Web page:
Wednesday, March 31, 2010

The Importance of Being Evangelical

I learned a few things in my first year of ministry. Some of them were things I want to carry on with me, and some things I learned were how not to do things. I would argue that neither lesson was any more valuable than the other, with one major exception.

I had spent an evening talking about servant evangelism and how we should be servants to those around us. I spent a lot of that evening talking about feeding the hungry, clothing the naked, and making sure that we were doing our part to love our neighbors. I had just finished reading one of Shane Claiborne’s books and was really “feeling it.”

I felt really good about the message that night, my teens had really seemed to receive it well. They were, at least in my opinion, completely tracking with what I was saying. I was letting them know that it was our job to make sure that we were taking care of the people around us. It was one of few moments in that first year I really felt like the ministry was going well.

On the way home from church that Wednesday night, I called one of my adults to chat about the evening. I still do this; I like to hear what other people thought about the time with the youth and make sure that we are all on the same page.
We were not on the same page that evening.

I spoke with my friend, and he told me that the message was good, but he asked me a very important question. He said, “why?” Why should we feed the hungry? Why should we clothe the naked? In the grand scheme of things, what does it matter if we love our neighbors?

I prepared my verbal assault as he was talking. “What do you mean WHY? Jesus told us to love our neighbors.”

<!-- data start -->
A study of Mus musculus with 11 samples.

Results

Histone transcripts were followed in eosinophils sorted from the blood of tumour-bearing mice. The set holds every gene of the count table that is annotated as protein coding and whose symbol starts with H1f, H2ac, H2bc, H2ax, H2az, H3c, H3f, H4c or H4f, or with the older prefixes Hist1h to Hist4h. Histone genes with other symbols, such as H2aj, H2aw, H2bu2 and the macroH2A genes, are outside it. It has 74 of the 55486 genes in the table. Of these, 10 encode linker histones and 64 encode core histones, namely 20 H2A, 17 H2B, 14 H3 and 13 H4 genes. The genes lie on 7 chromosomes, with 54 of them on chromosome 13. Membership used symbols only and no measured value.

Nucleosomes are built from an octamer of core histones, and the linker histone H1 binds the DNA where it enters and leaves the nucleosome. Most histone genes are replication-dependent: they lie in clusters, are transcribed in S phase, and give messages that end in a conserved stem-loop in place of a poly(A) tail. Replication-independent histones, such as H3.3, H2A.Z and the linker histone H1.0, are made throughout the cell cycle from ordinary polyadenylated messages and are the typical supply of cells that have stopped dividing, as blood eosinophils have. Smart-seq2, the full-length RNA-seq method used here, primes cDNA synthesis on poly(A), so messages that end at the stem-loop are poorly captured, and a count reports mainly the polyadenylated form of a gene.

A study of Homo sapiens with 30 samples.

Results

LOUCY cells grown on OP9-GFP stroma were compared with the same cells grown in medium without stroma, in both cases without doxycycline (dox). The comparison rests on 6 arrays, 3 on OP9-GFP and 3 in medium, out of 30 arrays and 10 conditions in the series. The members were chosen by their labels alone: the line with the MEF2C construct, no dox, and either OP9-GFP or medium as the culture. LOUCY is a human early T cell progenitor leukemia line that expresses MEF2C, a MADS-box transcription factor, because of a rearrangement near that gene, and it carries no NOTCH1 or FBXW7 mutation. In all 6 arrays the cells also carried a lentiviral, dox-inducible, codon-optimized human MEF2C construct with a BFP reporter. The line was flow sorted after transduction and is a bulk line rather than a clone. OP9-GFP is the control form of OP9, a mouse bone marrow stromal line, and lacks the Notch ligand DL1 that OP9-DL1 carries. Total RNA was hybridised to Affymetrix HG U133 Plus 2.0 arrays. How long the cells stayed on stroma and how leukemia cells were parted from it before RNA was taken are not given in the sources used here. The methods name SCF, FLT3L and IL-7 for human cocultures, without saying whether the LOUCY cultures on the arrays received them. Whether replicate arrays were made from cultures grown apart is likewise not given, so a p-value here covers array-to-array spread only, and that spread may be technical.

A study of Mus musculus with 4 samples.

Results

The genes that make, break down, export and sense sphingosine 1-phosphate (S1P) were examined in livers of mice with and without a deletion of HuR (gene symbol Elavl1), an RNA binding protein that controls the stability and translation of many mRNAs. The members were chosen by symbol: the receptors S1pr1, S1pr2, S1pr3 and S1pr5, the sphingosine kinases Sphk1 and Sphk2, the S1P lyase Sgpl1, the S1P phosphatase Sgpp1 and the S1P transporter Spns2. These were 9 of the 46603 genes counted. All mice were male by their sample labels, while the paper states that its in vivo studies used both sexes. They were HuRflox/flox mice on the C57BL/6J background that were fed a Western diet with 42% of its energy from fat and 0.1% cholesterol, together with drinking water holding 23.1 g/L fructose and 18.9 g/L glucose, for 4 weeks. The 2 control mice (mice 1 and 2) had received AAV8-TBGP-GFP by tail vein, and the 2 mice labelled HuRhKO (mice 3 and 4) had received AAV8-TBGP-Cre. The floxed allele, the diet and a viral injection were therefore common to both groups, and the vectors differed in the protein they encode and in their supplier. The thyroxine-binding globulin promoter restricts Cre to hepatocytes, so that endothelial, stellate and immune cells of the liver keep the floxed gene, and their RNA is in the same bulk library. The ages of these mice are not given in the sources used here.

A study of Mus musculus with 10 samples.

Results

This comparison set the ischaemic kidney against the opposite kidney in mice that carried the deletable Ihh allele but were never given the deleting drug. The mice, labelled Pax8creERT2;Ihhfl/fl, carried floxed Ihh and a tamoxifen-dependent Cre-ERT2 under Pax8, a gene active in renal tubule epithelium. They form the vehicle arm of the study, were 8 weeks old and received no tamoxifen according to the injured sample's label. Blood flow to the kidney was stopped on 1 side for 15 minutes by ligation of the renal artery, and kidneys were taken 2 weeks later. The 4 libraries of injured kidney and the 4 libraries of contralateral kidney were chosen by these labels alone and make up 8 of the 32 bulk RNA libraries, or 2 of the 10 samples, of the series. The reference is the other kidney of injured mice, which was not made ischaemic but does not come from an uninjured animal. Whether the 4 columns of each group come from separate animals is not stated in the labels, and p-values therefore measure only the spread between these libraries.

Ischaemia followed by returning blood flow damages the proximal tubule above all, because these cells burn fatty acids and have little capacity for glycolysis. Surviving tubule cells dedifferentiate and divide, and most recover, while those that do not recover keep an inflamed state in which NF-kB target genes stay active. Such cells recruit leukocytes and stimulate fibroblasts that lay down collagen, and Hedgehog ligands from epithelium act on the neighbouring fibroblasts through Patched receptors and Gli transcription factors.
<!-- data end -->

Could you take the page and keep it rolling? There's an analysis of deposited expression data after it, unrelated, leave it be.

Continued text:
I could tell he was wrapping up his critique, and so I was ready to jump in, but he stopped me dead in my tracks. He said, “If they don’t know Jesus, then what difference does it make if they feed the hungry?”

This doesn’t happen to me often, but I was completely speechless.

He was right; I had neglected to tell them that they had to know Christ before any of this was worth anything. If we feed the hungry, but don’t know Christ, then we’re still in the same boat as someone who doesn’t know Christ and doesn’t feed the hungry.

This challenge from my friend was an absolute wake up call for me. Did I stop preaching a social gospel? Absolutely not. I still believe that we need to feed the hungry. I still believe that we need to clothe the naked. I still believe that we need to make sure to do our part to love our neighbors. However, even more than that, I believe that we need to lead people to Christ.

Since that moment, the Sinner’s Prayer has become an integral part of my ministry. I don’t do much without including it. I cannot imagine calling myself an Evangelical and not preaching people to Christ. How can we call ourselves Evangelicals when we don’t present the Sinner’s Prayer every single chance that get?